Hygiene Approaches for Fixed-Appliance Treatment
Oral hygiene is more difficult after fixed appliances have been fitted. Efforts to maintain a patient’s oral health should therefore start at the bonding appointment. Removing excess composite around the brackets, which may contribute to plaque accumulation, is as important as sealing the tooth surface surrounding the brackets with fluoride varnishes or other protective agents. A new generation of sealants that gradually release fluoride are a promising development. Although they provide only a very thin covering of the tooth surface, these sealants allow complete polymerization, which is not inhibited by oxygenation. Two of the more widely used products are manufactured by Reliance Orthodontics (Maximum Cure and Pro Seal). The products are reinforced with filler particles and consequently offer good abrasion resistance against everyday wear and tear (such as brushing teeth). According to the manufacturer, the sealing of the surrounding surface area should last for at least 2 years and possibly even longer. Even after 2 years, there is still residual resin on the tooth surface in up to 70% of cases. Reports in the literature1 , 5 have shown that this system provides an equivalent bond strength to that of conventional adhesive systems and that remineralization of the dental enamel from the sealant’s reserve has a protective effect against caries.7 , 14
The operator should carefully remove the adhesive material in the vicinity of the bracket ( Fig. 5.4 ) to allow oral hygiene. Particularly in the area near the gingivae, residual composite can rapidly lead to accumulation of food debris and consequent overgrowth of the gingivae.
Bonding agents that incorporate a light-sensitive dye are colored before setting and thus make it easier for the orthodontist to remove excess composite ( Fig. 5.5 ).
Active Tooth Movement
After fixed appliances have been fitted, plaque undergoes qualitative and quantitative changes, and there is a noticeable increase in Streptococcus mutans. Bearing in mind the etiology and pathogenesis of carious and periodontal disease, the orthodontist should coordinate prophylactic measures specifically during orthodontic treatment with fixed appliances. Important measures include the following:
Instruction and motivation for the patient to practice good oral hygiene
Patient education on the etiology of caries and periodontal disease
Regular maintenance by dental hygienists, with professional cleanings and consultations
Topical fluoride applications
Use of fluoride-containing materials
Chemical plaque control
In a review of the extensive literature, Chadwick et al.3 concluded that there is no single approach to oral hygiene that can be recommended. However, it is possible to significantly reduce the amount of decalcification by using fluoride-containing varnishes and/or sealants, fluoride-containing gels, or fluoride-containing mouth rinses ( Fig. 5.6 ).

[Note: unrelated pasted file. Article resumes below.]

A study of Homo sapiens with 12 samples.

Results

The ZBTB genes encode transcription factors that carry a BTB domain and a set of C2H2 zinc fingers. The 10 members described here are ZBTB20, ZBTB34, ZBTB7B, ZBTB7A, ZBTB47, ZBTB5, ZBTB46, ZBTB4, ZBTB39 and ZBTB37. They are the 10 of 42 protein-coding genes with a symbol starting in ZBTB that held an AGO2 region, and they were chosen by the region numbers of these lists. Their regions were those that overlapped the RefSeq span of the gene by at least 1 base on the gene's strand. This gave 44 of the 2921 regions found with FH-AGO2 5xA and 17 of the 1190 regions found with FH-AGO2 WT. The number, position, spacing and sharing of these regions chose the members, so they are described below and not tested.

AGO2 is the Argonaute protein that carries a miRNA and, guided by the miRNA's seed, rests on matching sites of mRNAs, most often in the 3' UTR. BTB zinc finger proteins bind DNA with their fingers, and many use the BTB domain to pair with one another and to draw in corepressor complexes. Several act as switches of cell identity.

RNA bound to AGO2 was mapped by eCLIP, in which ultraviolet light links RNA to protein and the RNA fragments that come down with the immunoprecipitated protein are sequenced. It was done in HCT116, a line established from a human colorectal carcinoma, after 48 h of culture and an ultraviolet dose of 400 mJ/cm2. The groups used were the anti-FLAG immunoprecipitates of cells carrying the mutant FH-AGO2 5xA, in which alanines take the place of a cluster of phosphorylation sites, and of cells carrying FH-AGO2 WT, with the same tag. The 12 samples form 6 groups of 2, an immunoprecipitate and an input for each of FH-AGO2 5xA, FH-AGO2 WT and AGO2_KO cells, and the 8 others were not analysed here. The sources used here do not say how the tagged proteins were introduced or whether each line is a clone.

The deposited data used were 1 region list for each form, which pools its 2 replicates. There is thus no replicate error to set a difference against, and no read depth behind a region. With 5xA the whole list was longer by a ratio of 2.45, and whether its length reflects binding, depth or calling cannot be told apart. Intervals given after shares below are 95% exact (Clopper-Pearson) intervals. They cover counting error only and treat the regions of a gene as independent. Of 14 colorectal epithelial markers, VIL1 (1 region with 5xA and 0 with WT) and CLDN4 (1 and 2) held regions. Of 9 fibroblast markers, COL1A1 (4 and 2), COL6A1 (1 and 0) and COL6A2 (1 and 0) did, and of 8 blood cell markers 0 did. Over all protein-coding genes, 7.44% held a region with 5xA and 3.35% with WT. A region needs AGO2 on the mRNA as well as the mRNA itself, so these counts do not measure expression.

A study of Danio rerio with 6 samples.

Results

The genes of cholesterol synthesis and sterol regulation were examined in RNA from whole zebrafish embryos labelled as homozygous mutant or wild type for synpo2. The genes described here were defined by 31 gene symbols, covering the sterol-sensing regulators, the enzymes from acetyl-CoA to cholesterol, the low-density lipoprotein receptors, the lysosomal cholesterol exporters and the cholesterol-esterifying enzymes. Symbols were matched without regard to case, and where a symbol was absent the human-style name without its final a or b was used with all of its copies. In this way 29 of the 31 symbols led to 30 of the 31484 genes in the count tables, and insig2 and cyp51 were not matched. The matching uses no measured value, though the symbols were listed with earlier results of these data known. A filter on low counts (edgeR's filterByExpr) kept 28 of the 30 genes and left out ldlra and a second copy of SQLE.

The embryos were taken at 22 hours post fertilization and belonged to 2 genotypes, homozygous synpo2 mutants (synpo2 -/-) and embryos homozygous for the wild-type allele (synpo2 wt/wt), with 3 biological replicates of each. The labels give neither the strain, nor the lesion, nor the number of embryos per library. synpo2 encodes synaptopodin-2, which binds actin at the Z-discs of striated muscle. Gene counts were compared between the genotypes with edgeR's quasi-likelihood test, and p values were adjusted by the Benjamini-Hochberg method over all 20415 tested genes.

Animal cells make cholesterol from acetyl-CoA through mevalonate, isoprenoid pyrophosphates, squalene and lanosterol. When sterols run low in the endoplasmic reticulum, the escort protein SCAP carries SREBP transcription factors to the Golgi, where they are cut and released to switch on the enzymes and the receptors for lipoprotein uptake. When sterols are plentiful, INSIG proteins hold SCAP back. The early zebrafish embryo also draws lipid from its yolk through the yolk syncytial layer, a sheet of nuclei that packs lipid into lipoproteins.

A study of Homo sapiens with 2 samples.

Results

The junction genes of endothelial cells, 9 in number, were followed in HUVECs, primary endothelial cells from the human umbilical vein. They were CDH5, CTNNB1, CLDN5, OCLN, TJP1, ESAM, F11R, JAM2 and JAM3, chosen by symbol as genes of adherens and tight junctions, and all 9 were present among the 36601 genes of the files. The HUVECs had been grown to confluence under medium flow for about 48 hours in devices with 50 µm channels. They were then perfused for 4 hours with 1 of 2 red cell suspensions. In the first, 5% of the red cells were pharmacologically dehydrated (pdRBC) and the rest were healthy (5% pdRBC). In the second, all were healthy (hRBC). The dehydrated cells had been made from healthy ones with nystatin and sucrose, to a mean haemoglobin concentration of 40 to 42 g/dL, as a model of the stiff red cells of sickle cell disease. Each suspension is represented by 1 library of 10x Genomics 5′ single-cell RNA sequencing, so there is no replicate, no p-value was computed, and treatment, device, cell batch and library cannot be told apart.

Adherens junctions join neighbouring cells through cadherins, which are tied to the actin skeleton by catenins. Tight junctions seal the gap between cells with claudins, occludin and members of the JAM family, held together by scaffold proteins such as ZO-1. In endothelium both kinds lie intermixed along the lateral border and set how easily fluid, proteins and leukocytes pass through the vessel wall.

Maintaining good oral hygiene is complex and time-consuming for patients receiving treatment with fixed appliances. In addition to the routine cleaning of all tooth surfaces incisal and gingival to the archwire, it is particularly important to pay attention to cleaning the interdental spaces. Patients therefore need to be instructed in depth on hygiene requirements with orthodontic fixed appliances on the day the appliances are placed. It is advisable to use aids such as V-shaped bristled toothbrushes, interdental brushes (such as TePe®), and single tufted brushes ( Fig. 5.7 ). A number of studies have confirmed that for most patients, the time spent on brushing teeth is significantly less than the recommended time. It is therefore very important, particularly when considering treatment periods lasting several years, to monitor oral hygiene regularly and ideally support patients in their efforts to keep the teeth clean by encouraging regular visits to the hygienist, for example.
In addition to daily use of fluoride-containing toothpaste, we also recommend either a daily or weekly fluoride mouth rinse. Local fluoride applications can also be used, and fluoride-containing salt can be used as an adjunct to the above measures.
Effective oral hygiene can also be achieved with an electric toothbrush. These can basically be divided into systems that have a rotating or oscillating head and sonic systems ( Fig. 5.8 ). For systems with rotational or oscillating heads, patients can purchase special heads designed for fixed-appliance treatment.
Some studies have reported that sonic-based systems are superior in comparison with the rotational or oscillating systems,9 , 13 but it remains to be seen whether these findings will be validated in subsequent studies. However, it is very important to remember that regular control visits and careful explanations are often the best way of keeping patients motivated and ensuring the best possible oral hygiene, regardless of which type of toothbrush is used. The peculiarities of the mixed and early permanent dentition in particular often require a very intensive oral hygiene regimen ( Fig. 5.9 ). There is an increased incidence of caries during this period, as self-cleaning of the teeth is significantly reduced and good cleaning, particularly of the molars, can be difficult during their emergence. In addition, food retention and plaque accumulation may occur under residual opercular mucosa that partially covers the erupting teeth. Poor positioning of the teeth relative to the adjacent dentition can also give rise to carious lesions.
Bifluorid 12 (Voco): NaF, CaF2; 55,900 ppm
Duraphat (GABA): NaF; 22,600 ppm
Fluor Protector (Ivoclar, Vivadent): Fluorsilan; 1000 ppm
The fissures on the first and second molars are particularly susceptible to the development of carious lesions.